There are books, podcasts and countless online groups dedicated to the  ten principles  of intuitive eating. In a nutshell, intuitive eating means eating when you’re hungry and stopping when you’re satisfied.  

One of the top questions I get asked about intuitive eating is this: Can you eat healthfully and still be an intuitive eater? If you allow yourself to eat what you want, will your body get the nutrition it needs?  

When almost all nutrition messages suggest that without food rules we lose control, a fear of loosening the nutrition reigns makes total sense. For example, some people worry that eating after a certain time of night will cause weight gain. With hobbies, activities or shiftwork in the evening, fueling your body with food later in the day can be a supportive choice.  

The great thing about intuitive eating is it puts YOU in the driver’s seat. You are in charge. Not me. Not food rules.  

What do you mean I can eat what I want?  

The authors of the intuitive eating philosophy grant unconditional permission to eat what you’d like. No food rules. No guilt.  

This type of food freedom can be overwhelming. Most people feel that they cannot be trusted around food.  

Common concerns include comments such as these:  

“How can eating pizza all day possibly be good for my health?” 

“If I eat chips, I will never stop!” 

“If I eat what I want, my weight will balloon up!” 

Here’s the thing. Just because you can eat pizza every single day doesn’t mean you have to or even that you will want to. True, in the beginning you might eat a little bit more, but this evens out with time.   

We often crave the foods we deny ourselves. Many people are shocked to find the foods they spent a lot of time thinking about, don’t taste half as good as they remembered.  

With unconditional permission, foods tend to lose their appeal. For me, this happened with pizza pockets. Because they were expensive, my family rarely bought them. Later on, when I could afford to buy my own pizza pockets, I found them to be a total disappointment! They were still in my freezer when I moved years later. As we neutralize foods as being “good” or “bad,” our body gravitates to what it needs to feel nourished.  

Butis it healthy?  

Media messages convince us we need to eat perfectly in order to be healthy. What counts as “perfect” keeps changing with new science and food trends – there is no such thing as a perfect when it comes to food and eating! 

Being  healthy is defined as enjoying physical, mental and emotional wellbeing. When you consider these three domains of wellness, eating foods you enjoy in amounts that make you feel your best is healthy. Intuitive eating doesn’t ask that you abandon the notion of nutrition; it’s about taking a step back from dogmatic food rules.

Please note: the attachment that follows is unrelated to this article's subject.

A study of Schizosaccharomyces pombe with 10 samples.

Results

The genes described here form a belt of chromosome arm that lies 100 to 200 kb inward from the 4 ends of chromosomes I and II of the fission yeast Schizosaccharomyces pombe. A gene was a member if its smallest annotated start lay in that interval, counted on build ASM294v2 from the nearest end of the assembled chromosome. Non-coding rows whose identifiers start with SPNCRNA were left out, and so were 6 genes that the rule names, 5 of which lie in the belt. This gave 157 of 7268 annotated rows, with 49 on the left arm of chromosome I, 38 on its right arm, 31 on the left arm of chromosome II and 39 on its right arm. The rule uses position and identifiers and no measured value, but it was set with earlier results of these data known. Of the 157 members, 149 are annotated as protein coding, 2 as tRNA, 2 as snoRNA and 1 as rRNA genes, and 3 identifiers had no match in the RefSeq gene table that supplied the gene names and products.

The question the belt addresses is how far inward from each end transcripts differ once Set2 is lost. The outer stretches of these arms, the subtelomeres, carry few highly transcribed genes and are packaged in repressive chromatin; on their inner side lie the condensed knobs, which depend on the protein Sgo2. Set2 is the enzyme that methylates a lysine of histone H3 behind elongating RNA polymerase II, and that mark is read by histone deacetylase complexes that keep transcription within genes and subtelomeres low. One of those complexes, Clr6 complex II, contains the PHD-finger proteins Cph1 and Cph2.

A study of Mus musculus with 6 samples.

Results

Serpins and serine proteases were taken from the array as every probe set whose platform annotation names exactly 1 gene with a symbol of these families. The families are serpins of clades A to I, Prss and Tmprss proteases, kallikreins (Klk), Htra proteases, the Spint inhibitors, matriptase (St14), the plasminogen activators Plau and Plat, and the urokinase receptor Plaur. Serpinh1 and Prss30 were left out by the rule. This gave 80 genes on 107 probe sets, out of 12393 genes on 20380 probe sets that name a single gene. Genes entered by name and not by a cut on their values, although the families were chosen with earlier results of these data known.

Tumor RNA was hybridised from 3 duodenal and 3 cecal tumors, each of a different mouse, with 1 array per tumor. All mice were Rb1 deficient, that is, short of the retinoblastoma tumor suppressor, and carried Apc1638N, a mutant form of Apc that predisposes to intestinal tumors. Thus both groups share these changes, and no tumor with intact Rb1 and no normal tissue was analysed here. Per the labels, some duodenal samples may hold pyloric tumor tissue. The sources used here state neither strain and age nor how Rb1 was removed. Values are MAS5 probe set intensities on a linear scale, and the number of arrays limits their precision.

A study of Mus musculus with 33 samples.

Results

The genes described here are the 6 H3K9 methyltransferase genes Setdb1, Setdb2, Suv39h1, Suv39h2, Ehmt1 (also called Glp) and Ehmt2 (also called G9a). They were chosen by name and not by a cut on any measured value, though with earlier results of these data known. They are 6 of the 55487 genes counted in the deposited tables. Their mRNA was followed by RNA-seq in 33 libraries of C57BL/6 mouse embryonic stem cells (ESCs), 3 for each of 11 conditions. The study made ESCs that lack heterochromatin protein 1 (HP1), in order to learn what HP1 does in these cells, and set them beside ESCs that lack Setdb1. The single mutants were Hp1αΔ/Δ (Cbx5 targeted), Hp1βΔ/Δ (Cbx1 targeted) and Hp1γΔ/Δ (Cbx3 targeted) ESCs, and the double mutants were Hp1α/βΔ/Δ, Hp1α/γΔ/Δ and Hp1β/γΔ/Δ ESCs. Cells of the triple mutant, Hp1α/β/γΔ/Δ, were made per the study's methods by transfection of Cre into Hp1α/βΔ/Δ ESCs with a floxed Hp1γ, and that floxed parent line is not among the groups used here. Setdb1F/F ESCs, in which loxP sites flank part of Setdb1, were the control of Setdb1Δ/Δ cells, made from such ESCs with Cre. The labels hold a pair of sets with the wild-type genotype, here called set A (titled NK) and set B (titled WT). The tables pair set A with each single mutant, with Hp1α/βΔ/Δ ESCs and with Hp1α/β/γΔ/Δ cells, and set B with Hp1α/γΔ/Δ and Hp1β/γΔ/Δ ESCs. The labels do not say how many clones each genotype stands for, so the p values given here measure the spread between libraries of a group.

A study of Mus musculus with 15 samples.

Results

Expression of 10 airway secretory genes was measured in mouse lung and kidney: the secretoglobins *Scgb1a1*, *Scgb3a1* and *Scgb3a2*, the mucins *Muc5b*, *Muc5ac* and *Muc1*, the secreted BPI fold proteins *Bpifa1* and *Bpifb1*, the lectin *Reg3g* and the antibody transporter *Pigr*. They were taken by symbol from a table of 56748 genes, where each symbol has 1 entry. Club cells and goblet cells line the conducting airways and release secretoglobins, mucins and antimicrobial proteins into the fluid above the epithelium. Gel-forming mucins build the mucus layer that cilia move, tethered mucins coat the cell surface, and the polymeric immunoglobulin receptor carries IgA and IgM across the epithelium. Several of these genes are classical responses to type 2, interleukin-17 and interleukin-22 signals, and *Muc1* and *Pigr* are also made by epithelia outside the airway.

You can make food choices that honour your health and taste buds by implementing balance, moderation and  attunement. For example, when I’ve been traveling and eating out more often, I tend to crave a fresh salad with my favourite dressing when I get home. On the other hand, if I get stuck in a salad rut, my body leans towards comfort foods such as grilled cheese and soup with a cookie (or cookies). Perhaps you’ve noticed something similar.  

What does the research say?  

In the long term, intuitive eaters do not eat higher amounts of calories, sugar or fat on a daily basis. People who feel good about eating, eat a variety of vegetables and fruit, not because theyhaveto but because theywantto. They enjoy it. Nourishing your body is enjoyable when the foods you eat taste good and make you feel good.  

Perhaps this is why  research  has found that intuitive eaters tend to have fewer problematic eating habits and lower, more stable weights. Intuitive eaters also have higher levels of  body satisfaction, self-compassion and  metabolic fitness 

The final word 

Without a doubt, intuitive eating supports positive physical, mental and emotional wellbeing. This means you can honour your health while making peace with food. What a powerful gift! Only you can give it.  

Like what you read and want to learn more?

  • Learn more about why and how to give yourself permission to eat foods you enjoy.
  • Work through the intuitive eating workbook.
  • For extra support,  find a dietitian  with experience in intuitive eating


 



Registered Dietitian

Lindsay (BSc, RD, MEd) is an Edmonton-based registered dietitian and blogger for Nourish Move Thrive®. She compassionately supports clients cultivate trust with food and their body. Her work emphasizes a positive and flexible approach to food, meals and movement.